Blumarine have seen a recent revival due to the appointment of new creative director Nicola Brognano, who has revamped the iconic archive pieces that put the brand on the map. Anna Molinari and Gianpaolo Tarabini are the husband-and-wife duo that founded Blumarine in Capri in 1977 and the sister brands that followed. The name Blumarine was derived from the founders’ love of the colour blue and the ocean surrounding Capri. The brand is known for a distinct feminine and romantic aesthetic; think rosettes, sequins, fur trim and vintage inspired fabrics.
Dubbed the Queen of Roses, designer Anna Molinari heavily incorporated rose motifs in Blumarine designs throughout the years. The rose was well known as Blumarine’s main symbol and is seen adorning many of the brand’s fabrics. Blumarine’s use of roses is said to represent women and their femininity, the tough thorns of which represent contrast.
In 1980, Molinari received Best Designer of the Year award at MODIT for her first Blumarine collection which featured pastel angora knits, decorated with her famous roses in the form of three-dimensional appliques. More recently, Nicola Brognano has put his own spin on this same collection, adding large 3-D knitted roses to the strap of a slinky slip dress, as well as digitally printing them onto flared pants, tops, blazers and dresses. Brognano also tells Vogue that the butterfly will likely become Blumarine's latest symbol. According to Brognano, "The butterfly is a sort of new Blumarine logo. Versace has the Medusa; we have the butterfly". As well as their use of the rose and the butterfly, Blumarine’s other iconic creations include their collection of fur-trimmed sweaters and cardigans (referred to as Bluvi) and their perfected leopard print pattern, known as Animalier. The revamped Animalier fabric remains consistent in current collections, as do their famous fur trimmed cardigans; once made with mink, now made with an eco-conscious faux fur.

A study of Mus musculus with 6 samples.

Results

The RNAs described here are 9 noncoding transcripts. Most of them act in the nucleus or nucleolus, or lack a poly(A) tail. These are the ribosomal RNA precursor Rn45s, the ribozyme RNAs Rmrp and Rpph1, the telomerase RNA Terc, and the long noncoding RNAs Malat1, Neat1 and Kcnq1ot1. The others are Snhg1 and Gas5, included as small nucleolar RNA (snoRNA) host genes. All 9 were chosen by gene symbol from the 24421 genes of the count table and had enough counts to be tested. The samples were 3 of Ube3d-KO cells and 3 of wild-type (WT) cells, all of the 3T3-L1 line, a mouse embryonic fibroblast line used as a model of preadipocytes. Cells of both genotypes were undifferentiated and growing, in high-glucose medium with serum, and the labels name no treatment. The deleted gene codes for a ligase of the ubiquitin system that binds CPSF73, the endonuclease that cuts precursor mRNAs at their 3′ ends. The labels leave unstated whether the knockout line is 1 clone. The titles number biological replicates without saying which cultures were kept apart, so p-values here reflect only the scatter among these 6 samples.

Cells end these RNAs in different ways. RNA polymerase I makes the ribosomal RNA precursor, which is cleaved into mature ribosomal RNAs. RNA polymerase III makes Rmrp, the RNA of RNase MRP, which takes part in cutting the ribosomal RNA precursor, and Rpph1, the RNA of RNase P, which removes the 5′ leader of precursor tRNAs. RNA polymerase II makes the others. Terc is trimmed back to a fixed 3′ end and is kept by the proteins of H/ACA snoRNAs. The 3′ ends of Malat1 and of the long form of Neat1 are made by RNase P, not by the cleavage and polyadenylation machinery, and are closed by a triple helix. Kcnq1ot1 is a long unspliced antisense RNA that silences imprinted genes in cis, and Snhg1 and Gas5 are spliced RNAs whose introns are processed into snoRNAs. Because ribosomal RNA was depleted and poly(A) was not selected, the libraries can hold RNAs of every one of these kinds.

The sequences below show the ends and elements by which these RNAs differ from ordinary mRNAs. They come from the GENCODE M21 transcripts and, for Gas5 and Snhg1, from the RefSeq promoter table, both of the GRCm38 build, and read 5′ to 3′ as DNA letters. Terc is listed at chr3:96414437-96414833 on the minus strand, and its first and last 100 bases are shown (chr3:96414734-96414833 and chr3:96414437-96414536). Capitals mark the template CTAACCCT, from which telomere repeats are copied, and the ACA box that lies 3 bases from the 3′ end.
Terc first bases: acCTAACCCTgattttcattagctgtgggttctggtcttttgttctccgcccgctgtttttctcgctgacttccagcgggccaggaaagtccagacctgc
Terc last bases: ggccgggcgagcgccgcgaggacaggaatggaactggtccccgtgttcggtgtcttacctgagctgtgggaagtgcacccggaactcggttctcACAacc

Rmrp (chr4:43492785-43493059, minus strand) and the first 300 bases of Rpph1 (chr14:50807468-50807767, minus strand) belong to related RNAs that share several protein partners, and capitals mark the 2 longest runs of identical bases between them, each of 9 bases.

At the beginning of the brands career, Helmut Newton photographed and styled Blumarine campaigns which became influential in creating their signature look. Designer Anna Molinari was notorious for exaggerating the female figure with strong, unique and feminine shapes, such as waist-cinching tutus, bustiers and lace dresses. Combining this feminine aesthetic with Newton’s controversial and overtly sexual tone saw the duo gain the attention they deserved. When they worked together, the outcome was a strong and slightly provocative image that encapsulated the brand’s essence perfectly. One of their most iconic campaigns featured German supermodel Nadja Auermann dressed in Blumarine ensembles, styled with racy accessories like a garter and hold-ups, staggering high heels and sleek red lips.
After Newton, other iconic artistic collaborations included Ellen Von Unwerth, Tim Walker, Vinoodh Matadin and Paolo Roversi, who shot iconic images of model/actress Milla Jovovich for Anna Molini's namesake brand in 1997. Molinari has also expressed that Vogue Italia's Manuela Pavesi played a huge role in forming Blumarine’s iconic aesthetic, styling and photographing Nadja Auermann in a shoot for Blumarine, 2 years prior to Newton.
When asked who her favourite collaboration was from the previous 40 years, Molinari admits there have been many. She shares that designers Franco Moschino (founder of Moschino) and Walter Albini played a huge role in teaching her “secrets of tailoring and know-how”, which helped her expand on her collections with more than just knitted sweaters.
Moschino and Albini may have helped her experiment to create other more structured pieces but Molinari's fur trimmed sweaters remain as relevant as ever with fashions recent 90's revival. Brognano even re-imagined this iconic style and the result has brought Blumarine back into the spotlight, although we can't help but revisit the photographs and original designs that made Blumarine iconic all those years ago.